The Miami cops knew the routine, shoving and pushing a man who was recording them before assaulting and arresting him for “putting the camera in my face” as one said.
But the video shows they were the ones in his face. One cop even admits it.
“Why are you in my face,” Emanual David Williams asks as he is recording early Sunday morning in the Overtown neighborhood of Miami.
“Because we can be,” a cop named Allen responds, one of two cops initially confronting David.
A third cop named Gonzalez then swaggers up and gets in David’s face while a cop named Hernandez orders him to cross the street which he complies.
But once he was standing on the sidewalk on the other side of the street, the cop named Hernandez walks up to him and knocks the phone out of his hand.
“Do not put the phone in my face!” Hernandez yells.
The phone lands on the sidewalk and continues recording while pointing skyward showing the cops grabbing him and forcing him to the ground, ordering to “stop resisting” as they are trained to do when beating non-resisting suspects.
“I’m not resisting!” David yells several times
The cops charged him with disorderly conduct and resisting arrest, which are the typical contempt of cop charges Florida cops like to fabricate when arresting people for recording them (it happened to me in 2007 in almost the same manner which is what led to the creation of this site).
The Miami New Times obtained the police report.
According to an arrest report obtained by New Times, the three officers arrived on the scene after Williams’ ex-girlfriend asked for assistance with removing some items from their home. The cops do not state in their arrest documents that Williams acted violently toward them — instead, an officer listed as W. Gonzalez stated he arrested Williams simply for getting too close to him with his cell phone.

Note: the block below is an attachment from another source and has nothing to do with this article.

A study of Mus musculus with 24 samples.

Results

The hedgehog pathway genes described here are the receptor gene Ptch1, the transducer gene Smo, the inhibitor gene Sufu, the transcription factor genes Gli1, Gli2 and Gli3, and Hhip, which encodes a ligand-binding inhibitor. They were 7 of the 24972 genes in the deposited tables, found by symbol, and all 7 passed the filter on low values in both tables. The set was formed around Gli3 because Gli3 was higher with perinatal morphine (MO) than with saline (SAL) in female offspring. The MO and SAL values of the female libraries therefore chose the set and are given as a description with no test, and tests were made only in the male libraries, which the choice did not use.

“The defendant then continued to place his cellphone within very close proximity of my face, once again breaching the distance within my reactionary gap, at which point I advised the defendant that he was under arrest, at which point I grabbed the defendant by the arm and attempted to directed [sic] him to the ground to effect the arrest,” Gonzalez wrote. The officer further alleged that Williams continued to tense his body and that he entered a police vehicle only “after another struggle.”
Reached by phone, Williams tells New Times that when he arrived on the scene, the officers prevented him from entering his apartment without explaining why. After the officers told him to move across the street, he was confused why the trio then followed him to the other side, he says. Once the cops swatted his phone away, he was stunned that his phone wound up catching more of the incident by accident.
“I was shocked my phone even picked up the part after they knocked it out of my hand,” he says. “I only got my phone back after I got out of jail. I didn’t think my phone caught all that.”
If everything went down as reported, then the cops had no legal reason to force Williams across the street because he was not interfering with whatever it was they were doing with his ex-girlfriend.
“I’m more than 50 feet away from her,” Williams tells the cops as one tells him “you better stay back.”
But the video shows he expressed no intention of getting any closer. He was content just standing on the sidewalk recording, which is what got him arrested.
The videos were posted to Williams’ Instagram account. All three cops were wearing body cameras. No word yet on whether those bodycam videos will be released anytime soon. Or if they will somehow disappear.